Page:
Allyl Chloride

CAS RN: 107-05-1

Health Effects

0.2.1 SUMMARY OF EXPOSURE
  • 0.2.1.1 ACUTE EXPOSURE
    • A) Allyl chloride is an eye, skin, throat and respiratory tract mucosa irritant. Eye contact can produce orbital/ocular pain, redness, conjunctivitis, photophobia, blurred vision and burns. Severe irritation with corneal injury can result in permanently impaired vision or blindness.
    • B) Brief contact with the skin can cause pain, redness, numbness and first-degree burns; longer exposure can cause second-degree burns. A "deep-bone ache" may occur several hours after skin contact. Allyl chloride is rapidly absorbed through the skin and can produce systemic effects.
    • C) Inhalation can produce a cough, sore throat, headache, dizziness, abdominal cramps, burning sensation, vomiting, labored breathing, and unconsciousness. Pulmonary hemorrhage and edema may result from exposure. Ingestion can result in abdominal pain and vomiting. Absorption through the respiratory tract can produce systemic effects.
    • D) Peripheral neuropathy, with weakness, numbness and paresthesia, as well as respiratory damage and impairment, mild hepatotoxicity and nephrotoxicity have occurred in chronically exposed workers.
    • E) Exposed experimental animals have developed severe liver and kidney injuries, pulmonary edema and hemorrhages, and peripheral neuropathies.
0.2.4 HEENT
  • 0.2.4.1 ACUTE EXPOSURE
    • A) Eye irritation and corneal burns may occur.
    • B) Irritation of the nose and throat may occur.
0.2.5 CARDIOVASCULAR
  • 0.2.5.1 ACUTE EXPOSURE
    • A) Higher cardiovascular mortality rates have been reported for workers presumed to have prolonged and higher exposure to epichlorohydrin which is produced from allyl chloride.
0.2.6 RESPIRATORY
  • 0.2.6.1 ACUTE EXPOSURE
    • A) Irritation of the mucosa of the respiratory tract may be seen. Pulmonary edema and hemorrhages have been reported in exposed experimental animals.
    • B) Decreased maximum ventilation capacity was observed in exposed female workers.
0.2.7 NEUROLOGIC
  • 0.2.7.1 ACUTE EXPOSURE
    • A) Chronically exposed workers have developed peripheral polyneuropathies.
    • B) Headache, dizziness, vertigo, and unconsciousness may occur with acute allyl chloride exposure.
0.2.8 GASTROINTESTINAL
  • 0.2.8.1 ACUTE EXPOSURE
    • A) Nausea and vomiting may occur.
0.2.9 HEPATIC
  • 0.2.9.1 ACUTE EXPOSURE
    • A) Chronically exposed workers have had subclinical abnormalities of liver function tests.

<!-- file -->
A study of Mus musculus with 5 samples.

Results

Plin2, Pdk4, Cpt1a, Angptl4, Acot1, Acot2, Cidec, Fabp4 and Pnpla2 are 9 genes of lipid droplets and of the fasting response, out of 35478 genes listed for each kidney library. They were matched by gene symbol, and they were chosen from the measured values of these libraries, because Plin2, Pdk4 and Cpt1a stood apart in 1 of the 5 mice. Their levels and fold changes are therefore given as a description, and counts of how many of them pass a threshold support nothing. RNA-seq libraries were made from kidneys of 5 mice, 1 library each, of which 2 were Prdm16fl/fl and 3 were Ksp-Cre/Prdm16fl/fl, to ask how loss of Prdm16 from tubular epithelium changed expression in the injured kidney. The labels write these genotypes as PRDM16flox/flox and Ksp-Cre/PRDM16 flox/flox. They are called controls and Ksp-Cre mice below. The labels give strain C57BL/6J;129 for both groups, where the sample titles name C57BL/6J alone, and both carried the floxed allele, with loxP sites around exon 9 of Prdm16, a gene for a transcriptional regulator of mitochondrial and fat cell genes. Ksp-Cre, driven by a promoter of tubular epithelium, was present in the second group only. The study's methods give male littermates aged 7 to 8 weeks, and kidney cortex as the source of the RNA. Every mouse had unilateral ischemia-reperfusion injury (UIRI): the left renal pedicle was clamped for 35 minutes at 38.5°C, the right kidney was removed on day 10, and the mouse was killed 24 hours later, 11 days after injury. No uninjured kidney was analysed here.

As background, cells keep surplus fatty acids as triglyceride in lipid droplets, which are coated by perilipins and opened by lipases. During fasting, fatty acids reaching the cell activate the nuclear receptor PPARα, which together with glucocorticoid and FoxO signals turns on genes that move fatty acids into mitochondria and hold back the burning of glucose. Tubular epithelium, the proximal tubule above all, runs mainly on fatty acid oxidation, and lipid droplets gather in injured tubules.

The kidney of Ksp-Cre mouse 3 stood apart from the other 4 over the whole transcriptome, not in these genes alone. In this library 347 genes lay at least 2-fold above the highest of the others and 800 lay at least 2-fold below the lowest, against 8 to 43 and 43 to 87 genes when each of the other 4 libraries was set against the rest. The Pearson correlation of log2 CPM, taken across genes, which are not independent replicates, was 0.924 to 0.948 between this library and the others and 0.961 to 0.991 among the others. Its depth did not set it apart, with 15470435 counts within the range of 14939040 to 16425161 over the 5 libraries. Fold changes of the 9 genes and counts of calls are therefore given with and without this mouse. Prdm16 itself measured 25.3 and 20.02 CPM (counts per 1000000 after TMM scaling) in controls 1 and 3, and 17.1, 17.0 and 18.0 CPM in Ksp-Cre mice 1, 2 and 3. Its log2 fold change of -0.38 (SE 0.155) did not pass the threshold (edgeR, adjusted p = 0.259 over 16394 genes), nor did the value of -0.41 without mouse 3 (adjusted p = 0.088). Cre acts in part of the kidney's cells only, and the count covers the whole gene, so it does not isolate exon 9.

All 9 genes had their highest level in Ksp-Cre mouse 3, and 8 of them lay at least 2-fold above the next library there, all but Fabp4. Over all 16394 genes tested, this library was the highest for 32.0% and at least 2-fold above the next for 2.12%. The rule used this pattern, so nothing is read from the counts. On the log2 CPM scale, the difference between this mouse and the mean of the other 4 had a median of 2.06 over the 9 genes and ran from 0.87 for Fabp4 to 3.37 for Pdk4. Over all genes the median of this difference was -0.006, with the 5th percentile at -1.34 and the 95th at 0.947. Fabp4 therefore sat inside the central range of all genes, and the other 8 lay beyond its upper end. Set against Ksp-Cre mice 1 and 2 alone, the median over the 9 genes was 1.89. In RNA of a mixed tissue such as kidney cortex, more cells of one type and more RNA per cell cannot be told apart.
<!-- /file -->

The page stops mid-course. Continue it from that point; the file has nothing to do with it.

0.2.10 GENITOURINARY
  • 0.2.10.1 ACUTE EXPOSURE
    • A) Chronically exposed workers have had subclinical proteinuria and microscopic hematuria. Exposed experimental animals have had severe kidney injury.
0.2.12 FLUID-ELECTROLYTE
  • 0.2.12.1 ACUTE EXPOSURE
    • A) Chronically exposed workers have had subclinical electrolyte elevations and increased glomerular filtration rates.
0.2.14 DERMATOLOGIC
  • 0.2.14.1 ACUTE EXPOSURE
    • A) Direct skin exposure causes irritation and a deep-seated pain at the exposure site. Occasionally, burns and internal injuries ensue.
0.2.20 REPRODUCTIVE HAZARDS
  • A) At the time of this review, no reproductive studies were found for allyl chloride in humans.
0.2.21 CARCINOGENICITY
  • 0.2.21.1 IARC CATEGORY
    • A) IARC Carcinogenicity Ratings for CAS107-05-1 (International Agency for Research on Cancer (IARC), 2016; International Agency for Research on Cancer, 2015; IARC Working Group on the Evaluation of Carcinogenic Risks to Humans, 2010; IARC Working Group on the Evaluation of Carcinogenic Risks to Humans, 2010a; IARC Working Group on the Evaluation of Carcinogenic Risks to Humans, 2008; IARC Working Group on the Evaluation of Carcinogenic Risks to Humans, 2007; IARC Working Group on the Evaluation of Carcinogenic Risks to Humans, 2006; IARC, 2004):
      • 1) IARC Classification
        • a) Listed as: Allyl chloride
        • b) Carcinogen Rating: 3
      • 1) The agent (mixture or exposure circumstance) is not classifiable as to its carcinogenicity to humans. This category is used most commonly for agents, mixtures and exposure circumstances for which the evidence of carcinogenicity is inadequate in humans and inadequate or limited in experimental animals. Exceptionally, agents (mixtures) for which the evidence of carcinogenicity is inadequate in humans but sufficient in experimental animals may be placed in this category when there is strong evidence that the mechanism of carcinogenicity in experimental animals does not operate in humans. Agents, mixtures and exposure circumstances that do not fall into any other group are also placed in this category.
  • 0.2.21.2 HUMAN OVERVIEW
    • A) A study of more than 1000 workers exposed to epichlorohydrine and allyl chloride found no increase in mortality from malignant neoplasms.
0.2.22 GENOTOXICITY
  • A) Allyl chloride is metabolized to ACROLEIN and EPICHLOROHYDRIN (He et al, 199
    • 5) which are genotoxic.
0.2.23 OTHER
  • 0.2.23.1 ACUTE EXPOSURE
    • A) Odor of garlic on the breath and body was a common complaint among exposed employees.